The relationship between computer-assisted instruction and alternative programs to enhance fifth-grade mathematics success on the annual Texas Assessment of Knowledge and Skills
Tommy Howard Tucker, University of North Texas, United States
University of North Texas . Awarded
The purpose of this study was to determine the relationship between using computer-assisted instruction (CAI) and success on the Texas Assessment of Knowledge and Skills (TAKS) mathematics exam with fifth-grade students in Texas compared to the effect of alternative improvement approaches used by a control group. Research explored the use of SuccessMaker® CAI educational software (Pearson Education, Upper Saddle River, NJ, www.pearsoned.com) in public elementary schools in Texas.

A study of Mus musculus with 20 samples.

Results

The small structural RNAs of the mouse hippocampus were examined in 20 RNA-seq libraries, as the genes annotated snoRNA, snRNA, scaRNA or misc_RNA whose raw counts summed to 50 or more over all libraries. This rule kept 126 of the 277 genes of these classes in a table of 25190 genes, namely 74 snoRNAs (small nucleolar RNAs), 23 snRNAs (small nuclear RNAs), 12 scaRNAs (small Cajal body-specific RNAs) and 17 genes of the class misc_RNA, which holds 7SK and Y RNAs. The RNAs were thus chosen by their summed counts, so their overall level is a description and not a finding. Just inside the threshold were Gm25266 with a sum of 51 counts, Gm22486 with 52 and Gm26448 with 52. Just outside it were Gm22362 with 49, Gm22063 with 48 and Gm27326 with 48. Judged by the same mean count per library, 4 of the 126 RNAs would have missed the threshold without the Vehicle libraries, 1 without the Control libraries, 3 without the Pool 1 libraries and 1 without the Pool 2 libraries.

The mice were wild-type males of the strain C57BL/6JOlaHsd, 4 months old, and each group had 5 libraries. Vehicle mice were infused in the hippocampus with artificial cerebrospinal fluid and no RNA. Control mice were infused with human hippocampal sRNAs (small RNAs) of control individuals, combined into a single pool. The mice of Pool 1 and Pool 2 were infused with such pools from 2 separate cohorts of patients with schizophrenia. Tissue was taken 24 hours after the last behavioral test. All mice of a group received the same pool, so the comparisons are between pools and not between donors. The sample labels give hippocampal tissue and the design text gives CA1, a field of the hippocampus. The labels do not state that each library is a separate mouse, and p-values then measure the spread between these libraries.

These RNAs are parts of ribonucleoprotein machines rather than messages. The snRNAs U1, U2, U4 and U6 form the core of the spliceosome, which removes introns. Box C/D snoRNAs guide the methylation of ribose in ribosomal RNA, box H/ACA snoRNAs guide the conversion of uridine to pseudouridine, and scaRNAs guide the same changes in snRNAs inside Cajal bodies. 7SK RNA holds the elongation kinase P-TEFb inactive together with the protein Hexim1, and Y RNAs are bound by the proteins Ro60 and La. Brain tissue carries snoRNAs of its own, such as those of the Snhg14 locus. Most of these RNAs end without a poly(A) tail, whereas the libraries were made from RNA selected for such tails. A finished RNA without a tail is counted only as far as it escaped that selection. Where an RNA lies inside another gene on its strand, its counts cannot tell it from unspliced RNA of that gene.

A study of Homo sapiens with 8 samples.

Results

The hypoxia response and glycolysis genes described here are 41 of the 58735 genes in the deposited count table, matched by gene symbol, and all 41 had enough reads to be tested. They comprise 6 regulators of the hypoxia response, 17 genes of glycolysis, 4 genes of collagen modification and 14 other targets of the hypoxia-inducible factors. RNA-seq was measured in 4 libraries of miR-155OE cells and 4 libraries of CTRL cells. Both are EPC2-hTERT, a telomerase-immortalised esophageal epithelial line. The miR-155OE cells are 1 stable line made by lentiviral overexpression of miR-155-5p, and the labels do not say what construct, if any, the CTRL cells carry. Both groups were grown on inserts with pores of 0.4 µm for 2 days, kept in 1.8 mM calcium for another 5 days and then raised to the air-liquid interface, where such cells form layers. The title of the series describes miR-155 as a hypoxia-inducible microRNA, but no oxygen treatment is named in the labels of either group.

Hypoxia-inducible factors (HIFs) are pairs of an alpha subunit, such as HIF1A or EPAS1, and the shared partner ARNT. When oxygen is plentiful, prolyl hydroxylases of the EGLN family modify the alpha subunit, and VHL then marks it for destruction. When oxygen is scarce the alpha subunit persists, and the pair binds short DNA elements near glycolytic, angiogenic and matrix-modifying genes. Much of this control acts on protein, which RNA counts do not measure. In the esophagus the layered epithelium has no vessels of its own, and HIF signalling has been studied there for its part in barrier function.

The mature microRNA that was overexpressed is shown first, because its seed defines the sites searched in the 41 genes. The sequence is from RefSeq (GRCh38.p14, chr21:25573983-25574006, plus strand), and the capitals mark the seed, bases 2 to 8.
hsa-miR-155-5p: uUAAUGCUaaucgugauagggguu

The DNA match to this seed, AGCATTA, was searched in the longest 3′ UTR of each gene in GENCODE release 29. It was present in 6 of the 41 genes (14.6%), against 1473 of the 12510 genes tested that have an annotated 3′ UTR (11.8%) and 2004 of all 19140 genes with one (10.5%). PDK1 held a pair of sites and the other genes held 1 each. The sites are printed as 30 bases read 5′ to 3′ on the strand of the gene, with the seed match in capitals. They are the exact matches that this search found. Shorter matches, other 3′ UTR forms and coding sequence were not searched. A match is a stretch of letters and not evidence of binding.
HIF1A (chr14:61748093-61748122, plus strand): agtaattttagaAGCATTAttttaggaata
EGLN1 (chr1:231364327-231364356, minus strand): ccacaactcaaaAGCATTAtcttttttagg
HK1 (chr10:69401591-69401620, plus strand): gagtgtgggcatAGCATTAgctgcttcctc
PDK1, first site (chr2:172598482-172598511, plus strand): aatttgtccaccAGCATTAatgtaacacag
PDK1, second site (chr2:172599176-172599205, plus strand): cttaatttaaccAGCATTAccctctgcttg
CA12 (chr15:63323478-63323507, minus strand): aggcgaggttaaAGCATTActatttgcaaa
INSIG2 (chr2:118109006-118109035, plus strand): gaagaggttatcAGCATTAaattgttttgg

SuccessMaker® CAI was not a good predictor of passing percentage on the mathematics TAKS. Multiple regression analysis utilized in this quasi-experimental design study predicted a negative and not statistically significant change in the percentage of students passing the mathematics TAKS exam (B = -.448, p > .05). SuccessMaker® use exhibited a very small effect size (r = -.04) and accounted for less than 1% of the change in passing percentage (r2 = .0016). Multiple regression model predicted a negative and statistically significant effect upon mathematics passing percentage by economic disadvantage percentage ( B = -.211, p < .01). The 95% confidence interval for B ranged from -.365 to -.057. The large effect size correlation coefficient (r = -.51) accounted for 26% of the variance in the mathematics TAKS passing percentage (r2 = .26).
Tucker, T.H. The relationship between computer-assisted instruction and alternative programs to enhance fifth-grade mathematics success on the annual Texas Assessment of Knowledge and Skills. Ph.D. thesis, University of North Texas.